How to Improve My Credit Score
For banks and employers, a credit score is a fast way to assess a person’s creditworthiness. When it comes to getting a home mortgage, lenders like to use a combination of credit scores, payment history, credit vs. debt ratios, and alternate indicators.
In the U.S. there are the three major credit bureaus.
In short, a credit score is a person’s financial profile. Even though it’s not the ultimate deciding-factor (especially with large loans), many lenders have a “minimum score requirement” to be approved for a loan program. And in many cases the credit score itself is only used as a preliminary check.
* Credit score ranges from 350 to 850, with 850 being the best score possible.
What’s Included in the Report
The higher your score, the more likely you’ll be approved for a mortgage loan. A bad score can influence the rates, and terms you’re offered. For large loans (i.e. mortgage or auto loan), it may determine a lender’s terms and penalties as well.
Credit score breakdown
- Payment history = 35%
- Amounts owed & utilization = 30%
- Credit history length = 15%
- New lines of credit = 10%
- Loan and credit types = 10%
According to a Experian report, in the U.S. the average credit score is 703.
How to Improve Your Credit Score
Fixing your score isn’t an over-night thing, but there are things you can do to improve it significantly within 3-4 months.
Below are three things you can start doing to improve your credit score.
#1. Get A Free Credit Report Online
The first task is to find out what’s preventing your credit score from improving. You’ve probably seen the commercials promoting “free credit reports online”. It’s actually true, but you can get a free credit report (and credit score) from the three major credit bureaus reporting it.
Best Websites for Free Credit Reports
You can also request a credit report online when you log into your bank or credit card.
#2. Pay Off Some Of Your Debts
If you want to improve your credit score, the amount of debt you owe vs. the amount you can borrow (your credit limit) accounts for 25% of your credit score. Since lenders report balances every month, changing that debt-to-credit ratio is the fastest way to improve your credit score.
#3. How To Improve Your Credit Score In 30 Days
A better credit score isn’t something that’s attained overnight. Depending on your situation it can take a month, or several years to fix it.
How to improve your credit score in 30 days:
Pay cards with small balances first.
- Too many cards with outstanding balances can be a huge red flag. If yo can, you should try to pay off the ones that have the smallest balances first.
Don’t over-utilize a credit line.
- Spending more than 75% of a given credit card credit line drops your score. You should work on this ratio and can see improvement on your score for each 10% in available credit that you pay off.
No more late payments.
- Credit score problems such as a late payment (or missed payment) can stay on your credit report for up to 7 years and account for approx. 35% of your total credit score. You can fix that by making sure you don’t miss a payment.
Fewer credit line requests.
Basically stop applying for loans and credit cards. A lender “inquiry” docks your score for about 5 points and stays on your report for up to a year. Having a lot of requests for new account can be a big hit to your score for the next year.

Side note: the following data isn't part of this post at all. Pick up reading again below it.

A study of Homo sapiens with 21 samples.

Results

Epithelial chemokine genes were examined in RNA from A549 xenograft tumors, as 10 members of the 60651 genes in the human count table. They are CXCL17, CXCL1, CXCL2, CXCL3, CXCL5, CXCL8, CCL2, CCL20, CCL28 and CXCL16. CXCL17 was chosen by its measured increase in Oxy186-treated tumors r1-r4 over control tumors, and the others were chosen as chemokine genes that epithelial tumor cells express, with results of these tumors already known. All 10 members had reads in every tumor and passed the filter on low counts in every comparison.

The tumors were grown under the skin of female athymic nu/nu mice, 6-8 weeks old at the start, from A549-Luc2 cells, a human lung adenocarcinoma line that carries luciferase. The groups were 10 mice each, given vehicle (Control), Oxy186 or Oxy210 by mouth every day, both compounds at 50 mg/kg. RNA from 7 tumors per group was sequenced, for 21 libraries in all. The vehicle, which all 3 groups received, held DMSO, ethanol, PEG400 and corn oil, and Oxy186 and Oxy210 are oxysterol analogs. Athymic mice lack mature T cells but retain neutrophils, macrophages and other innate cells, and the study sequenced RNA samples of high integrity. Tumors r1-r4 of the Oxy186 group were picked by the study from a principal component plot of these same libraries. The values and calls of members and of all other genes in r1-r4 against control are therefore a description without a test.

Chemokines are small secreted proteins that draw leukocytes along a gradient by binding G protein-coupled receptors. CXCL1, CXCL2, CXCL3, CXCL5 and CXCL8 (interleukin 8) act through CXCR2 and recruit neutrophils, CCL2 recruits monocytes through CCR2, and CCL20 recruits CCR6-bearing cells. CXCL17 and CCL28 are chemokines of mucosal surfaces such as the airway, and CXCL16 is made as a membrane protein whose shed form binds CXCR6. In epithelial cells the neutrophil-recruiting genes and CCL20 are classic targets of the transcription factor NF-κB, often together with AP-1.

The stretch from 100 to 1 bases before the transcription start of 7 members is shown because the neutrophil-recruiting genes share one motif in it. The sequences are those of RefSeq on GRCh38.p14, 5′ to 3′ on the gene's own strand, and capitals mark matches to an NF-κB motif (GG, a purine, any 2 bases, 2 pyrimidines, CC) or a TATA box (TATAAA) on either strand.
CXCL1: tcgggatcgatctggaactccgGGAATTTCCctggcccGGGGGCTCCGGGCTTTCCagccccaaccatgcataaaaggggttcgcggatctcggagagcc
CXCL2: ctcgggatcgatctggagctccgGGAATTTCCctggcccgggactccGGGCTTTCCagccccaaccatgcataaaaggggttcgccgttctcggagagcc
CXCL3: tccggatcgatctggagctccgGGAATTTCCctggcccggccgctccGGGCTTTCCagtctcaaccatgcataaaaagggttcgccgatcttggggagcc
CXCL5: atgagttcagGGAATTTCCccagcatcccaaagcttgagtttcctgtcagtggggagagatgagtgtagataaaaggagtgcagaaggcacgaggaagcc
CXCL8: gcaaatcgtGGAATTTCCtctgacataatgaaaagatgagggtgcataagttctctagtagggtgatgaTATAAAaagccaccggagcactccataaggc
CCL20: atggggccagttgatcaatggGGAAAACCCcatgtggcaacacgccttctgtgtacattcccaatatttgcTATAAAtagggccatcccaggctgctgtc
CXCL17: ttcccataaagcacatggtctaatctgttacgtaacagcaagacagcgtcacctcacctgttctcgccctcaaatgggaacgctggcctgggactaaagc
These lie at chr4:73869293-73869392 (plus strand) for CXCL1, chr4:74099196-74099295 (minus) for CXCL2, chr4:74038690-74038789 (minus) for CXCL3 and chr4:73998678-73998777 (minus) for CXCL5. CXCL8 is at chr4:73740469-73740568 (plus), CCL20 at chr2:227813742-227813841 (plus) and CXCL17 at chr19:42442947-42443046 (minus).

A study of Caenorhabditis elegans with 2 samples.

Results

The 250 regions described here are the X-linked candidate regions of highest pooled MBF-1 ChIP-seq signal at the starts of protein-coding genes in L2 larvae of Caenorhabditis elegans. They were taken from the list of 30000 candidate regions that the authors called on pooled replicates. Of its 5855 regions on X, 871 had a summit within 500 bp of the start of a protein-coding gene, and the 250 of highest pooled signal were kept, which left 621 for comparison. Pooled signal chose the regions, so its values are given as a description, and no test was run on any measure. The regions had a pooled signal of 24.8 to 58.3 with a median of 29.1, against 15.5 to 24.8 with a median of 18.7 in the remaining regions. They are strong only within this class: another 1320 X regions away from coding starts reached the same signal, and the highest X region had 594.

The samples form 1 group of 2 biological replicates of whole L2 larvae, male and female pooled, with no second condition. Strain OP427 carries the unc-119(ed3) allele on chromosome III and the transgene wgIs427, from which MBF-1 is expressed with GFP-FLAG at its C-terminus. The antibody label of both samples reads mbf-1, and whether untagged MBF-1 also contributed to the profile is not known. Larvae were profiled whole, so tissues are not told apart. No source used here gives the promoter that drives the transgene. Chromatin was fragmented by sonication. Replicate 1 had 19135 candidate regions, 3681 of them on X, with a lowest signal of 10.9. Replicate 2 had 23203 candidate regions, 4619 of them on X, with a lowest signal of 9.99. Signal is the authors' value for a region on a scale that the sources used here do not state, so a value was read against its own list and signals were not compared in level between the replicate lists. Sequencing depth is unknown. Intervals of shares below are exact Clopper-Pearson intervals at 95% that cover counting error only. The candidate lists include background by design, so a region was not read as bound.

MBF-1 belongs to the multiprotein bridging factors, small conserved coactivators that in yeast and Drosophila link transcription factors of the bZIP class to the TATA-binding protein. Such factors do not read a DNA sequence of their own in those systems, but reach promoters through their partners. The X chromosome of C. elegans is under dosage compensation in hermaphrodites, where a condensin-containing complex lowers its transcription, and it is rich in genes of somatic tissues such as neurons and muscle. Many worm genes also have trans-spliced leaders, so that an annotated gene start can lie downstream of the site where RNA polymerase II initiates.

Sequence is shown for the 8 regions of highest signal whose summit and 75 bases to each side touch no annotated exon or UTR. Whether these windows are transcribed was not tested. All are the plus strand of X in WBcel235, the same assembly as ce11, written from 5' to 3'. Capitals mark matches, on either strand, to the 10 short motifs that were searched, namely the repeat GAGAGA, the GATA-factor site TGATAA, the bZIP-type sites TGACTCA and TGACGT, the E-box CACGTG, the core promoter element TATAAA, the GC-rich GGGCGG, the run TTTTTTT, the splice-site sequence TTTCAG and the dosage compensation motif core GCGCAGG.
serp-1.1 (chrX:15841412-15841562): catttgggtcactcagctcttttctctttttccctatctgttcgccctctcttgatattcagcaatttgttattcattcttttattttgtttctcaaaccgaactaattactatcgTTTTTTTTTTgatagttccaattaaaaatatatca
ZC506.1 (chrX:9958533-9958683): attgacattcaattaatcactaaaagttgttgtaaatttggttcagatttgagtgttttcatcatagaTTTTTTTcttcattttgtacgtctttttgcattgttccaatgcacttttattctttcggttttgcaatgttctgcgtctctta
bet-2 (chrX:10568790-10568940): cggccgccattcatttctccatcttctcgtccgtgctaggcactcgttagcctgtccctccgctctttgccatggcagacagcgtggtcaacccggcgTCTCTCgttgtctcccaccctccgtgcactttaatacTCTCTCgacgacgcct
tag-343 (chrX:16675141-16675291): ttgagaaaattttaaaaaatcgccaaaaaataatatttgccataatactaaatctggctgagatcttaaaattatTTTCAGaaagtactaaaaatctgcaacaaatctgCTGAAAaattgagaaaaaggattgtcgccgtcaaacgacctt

Request a credit line increase.
The only way to lower your credit vs. debt ratio, besides paying it off, is to increase the credit line. It goes without saying that IF you are approved for more credit, that you DO NOT increase your spending. The purpose of the credit line increase is to simply lower your credit-to-debt ratio.
Ideally you want to limit your credit vs. debt ratio to 10-15%.
Example: If you have a $8000 limit on a credit card, try to limit outstanding balance to $800-1200 max.
Special request if you are late.
If you have a history with a lender and don’t have a habit of late or missed payments, they may help you out if you happen to be late on a payment. As long as it was a one-time incident, the customer service rep will probably help you by removing from your score.
After you’ve discussed with your lender, credit report disputes may take up to 30-days.
Get a side job.
It might not be an ideal situation, but mobile app jobs are on the rise – food delivery, local tasks, and home cleaning. In cities like Seattle, gig jobs have better pay and worker protection than years prior.
What Hurts My Credit Score
FYI: Having a “bad” score can double or triple your interest rate vs. 750 or higher credit score.
When you’re applying for a home mortgage loan, your credit score has a big influence on the mortgage terms you get offered. A bad credit score can make the difference between a 5% down payment vs. 10% down payment.
- Don’t close out you credit card accounts. It’s tempting to do so after paying down a lot of debt, but closing an account reduces your credit line, and therefore increases your debt-to-credit ratio.
- Don’t fall for credit repair scams. Don’t trust claims that a company will simply erase large hits to your credit such as a bankruptcy, home eviction, or past foreclosures. During the Coronavirus pandemic, Seattle banks are foreclosing on homes and businesses, which opens the door to unsavory credit repair companies.
- Don’t apply for new credit when paying down debt. Opening a new account seems like a fast fix, but in a lender’s eyes, it makes you more of a risk. Try not to open new accounts if you owe money on a card or personal loan.
How To Improve My Credit Score
There are ways to improve your credit score, but there’s no easy or fast way to do it.
You’ll have to commit to financial discipline to stay debt free. By following some of the guidelines above you’ll be able to negotiate better terms when you want to close on a home or apply for a mortgage loan.